404 (Page Not Found) errors

In general, 404 errors won’t impact your site’s search performance, and you can safely ignore them if you’re certain that the URLs should not exist on your site. It’s important to make sure that these and other invalid URLs return a proper 404 HTTP response code, and that they are not blocked by the site’s robots.txt file.

Here's how you should handle 404 errors:

  1. Decide if it's worth fixing. Many (most?) 404 errors are not worth fixing because 404s don't harm your site's indexing or ranking.
    • If it is a submitted URL (an error), it is worth fixing.
    • If it is a deleted page that has no replacement or equivalent, returning a 404 is the right thing to do. The report should stop showing the 404 after about a month.
    • If it is a bad URL that never existed on your site, you probably don't need to worry about it. It might bother you to see it on your report, but you don't need to fix it, unless the URL is a commonly misspelled link. 404 errors should be dropped from the report after about a month.
    • If the URL is a commonly misspelled or alternately spelled word or URL (for example, example.com/flights/canceling versus example.com/flights/cancelling -- notice the extra 'l' in "cancelling", or example.com/f00 versus example.com/foo -- zeros versus the letter 'o') then map your common misspellings or alternate spellings to the same page on your site using redirects or some other mechanism.
  2. If the URL was submitted for indexing (the status is Error),
    1. Inspect the URL to see where it was submitted from by clicking the submit icon next to the URL Search and look at the Discovery information. Update the sitemap as necessary.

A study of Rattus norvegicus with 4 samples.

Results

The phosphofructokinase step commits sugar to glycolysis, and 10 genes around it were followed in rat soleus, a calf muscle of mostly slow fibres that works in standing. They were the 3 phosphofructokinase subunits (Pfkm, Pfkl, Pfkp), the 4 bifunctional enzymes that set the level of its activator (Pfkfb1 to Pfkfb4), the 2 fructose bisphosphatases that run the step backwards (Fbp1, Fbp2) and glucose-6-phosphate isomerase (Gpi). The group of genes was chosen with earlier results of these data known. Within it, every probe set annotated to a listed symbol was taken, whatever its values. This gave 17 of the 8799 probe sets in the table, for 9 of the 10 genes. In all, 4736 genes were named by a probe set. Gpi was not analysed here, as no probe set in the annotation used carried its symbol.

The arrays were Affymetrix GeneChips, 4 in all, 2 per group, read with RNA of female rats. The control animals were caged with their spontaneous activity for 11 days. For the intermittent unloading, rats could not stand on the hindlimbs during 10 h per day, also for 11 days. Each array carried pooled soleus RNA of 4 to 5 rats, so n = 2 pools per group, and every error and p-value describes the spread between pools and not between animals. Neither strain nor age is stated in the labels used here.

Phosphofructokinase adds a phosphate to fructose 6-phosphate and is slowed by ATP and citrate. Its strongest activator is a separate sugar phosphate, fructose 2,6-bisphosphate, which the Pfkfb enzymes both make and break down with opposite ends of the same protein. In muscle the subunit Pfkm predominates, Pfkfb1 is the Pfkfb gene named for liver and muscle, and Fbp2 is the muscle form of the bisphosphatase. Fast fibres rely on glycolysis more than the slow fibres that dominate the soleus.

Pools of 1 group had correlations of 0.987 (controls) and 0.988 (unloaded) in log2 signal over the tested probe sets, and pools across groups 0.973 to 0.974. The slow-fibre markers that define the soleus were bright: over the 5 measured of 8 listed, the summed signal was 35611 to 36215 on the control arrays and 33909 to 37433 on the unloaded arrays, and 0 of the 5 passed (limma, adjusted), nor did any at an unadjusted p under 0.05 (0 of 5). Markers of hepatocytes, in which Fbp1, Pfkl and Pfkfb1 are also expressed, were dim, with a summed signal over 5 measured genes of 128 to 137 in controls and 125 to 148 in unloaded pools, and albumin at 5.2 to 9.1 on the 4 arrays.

2. If the content has moved, add a redirect.
    3. If you have permanently deleted content without intending to replace it with newer, related content, let the old URL return a 404 or 410. Currently Google treats 410s (Gone) the same as 404s (Not found). Returning a code other than 404 or 410 for a non-existent page (or redirecting users to another page, such as the homepage, instead of returning a 404) can be problematic. Such pages are called soft 404s, and can be confusing to both users and search engines.
    4. If the URL is unknown: You might occasionally see 404 errors for URLs that never existed on your site. These errors can occur when someone browses to a non-existent URL on your site - perhaps someone mistyped a URL in the browser, or someone mistyped a link URL. If it's a very common error, you might create a redirect for it.
      Another reason for unexpected URLs might be generated by Googlebot trying to follow links found in JavaScript, Flash files, or other embedded content, or possibly that exist only in a sitemap. For example, your site may use code like this to track file downloads in Google Analytics:
      <a href="helloworld.pdf"
        Hello World PDF</a>

      When Googlebot sees this code, it might try to crawl the URL http://www.example.com/download-helloworld, even though it's not a real page. In this case, the link may appear as a 404 (Not Found) error in the Crawl Errors report. Google is working to prevent this type of crawl error. This error has no effect on the crawling or ranking of your site.

  3. Don't create fake content, redirect to your homepage, or use robots.txt to block 404s—all of these things make it harder for us to recognize your site’s structure and process it properly. We call these soft 404 errors.(Once Google has successfully crawled a URL, it can try to crawl that URL forever. Issuing a 300-level redirect will delay the recrawl attempt, possibly for a very long time.) Submitting a URL removal request using the URL removal tool will not remove the error from this report.